For most of four innings, the Pirates couldn't do much against Tom Koehler. Koehler somehow thought he could get a grooved 3-1 fastball to Andrew McCutchen that was promptly deposited in the right-center grandstands, but that was the only hit he'd given up in the first four innings to go along with seven strikeouts and only one walk.
Just like, it all fell apart for the Marlins. Koehler gave up a leadoff single to Garrett Jones in the fifth. Jones was swapped for Josh Harrison on a fielder's choice, then Harrison stole second on the first pitch of Jordy Mercer's at-bat without even drawing a throw. Koehler hit Mercer with the very next pitch. He had a whole bunch of trouble with hitters squaring around to bunt after that; his first pitch to Charlie Morton was way up in the zone and his second pitch squirted past Rob Brantly to allow Mercer and Harrison to move up a base. Morton then somehow singled Harrison home to tie the game up (Morton entered the game 1-for-15 in 2013). When Starling Marte squared around to bunt, Koehler again aimed for his head and threw a wild pitch, which scored Mercer and gave the Pirates a 3-2 lead.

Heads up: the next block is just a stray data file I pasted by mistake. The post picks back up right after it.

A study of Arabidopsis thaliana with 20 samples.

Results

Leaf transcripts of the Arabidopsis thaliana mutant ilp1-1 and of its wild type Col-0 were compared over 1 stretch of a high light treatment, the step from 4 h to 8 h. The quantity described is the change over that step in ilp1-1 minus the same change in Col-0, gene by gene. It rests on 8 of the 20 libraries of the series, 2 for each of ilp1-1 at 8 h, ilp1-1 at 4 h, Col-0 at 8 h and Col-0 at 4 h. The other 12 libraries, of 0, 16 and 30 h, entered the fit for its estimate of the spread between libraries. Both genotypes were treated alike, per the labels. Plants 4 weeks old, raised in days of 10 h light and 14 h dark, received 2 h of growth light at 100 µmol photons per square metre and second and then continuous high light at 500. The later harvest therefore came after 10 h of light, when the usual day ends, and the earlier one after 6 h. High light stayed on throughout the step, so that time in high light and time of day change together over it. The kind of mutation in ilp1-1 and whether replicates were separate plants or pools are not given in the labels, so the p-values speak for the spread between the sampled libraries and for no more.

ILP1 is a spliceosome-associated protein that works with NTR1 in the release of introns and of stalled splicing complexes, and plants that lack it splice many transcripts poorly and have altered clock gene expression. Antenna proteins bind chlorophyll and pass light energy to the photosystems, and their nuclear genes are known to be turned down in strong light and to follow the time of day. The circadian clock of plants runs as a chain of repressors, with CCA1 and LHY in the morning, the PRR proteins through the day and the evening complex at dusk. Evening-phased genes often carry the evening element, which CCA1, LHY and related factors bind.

That was enough for Charlie Morton. Morton got into trouble in the fourth inning, when the Marlins started with a single-double-single sequence, but other than that he scattered three hits over the rest of his seven innings. He forced a ridiculous amount of groundballs (the Pirates outfield didn't record one out while he was on the mound; his seven innings saw 13 groundouts, five strikeouts, two double plays, and a caught stealing), and the Pirates played some pretty spectacular infield defense behind him, with Pedro Alvarez turning in one gem in particular that I know has been all over SportsCenter tonight.
A home run, some opportunistic offense, and a strong outing from both the pitching staff and the defense. This is a pretty familiar recipe for the Pirates. The Cardinals lost to the Dodgers, which means that in the early hours of August 8th, the Pirates hold a three game lead in the NL Central.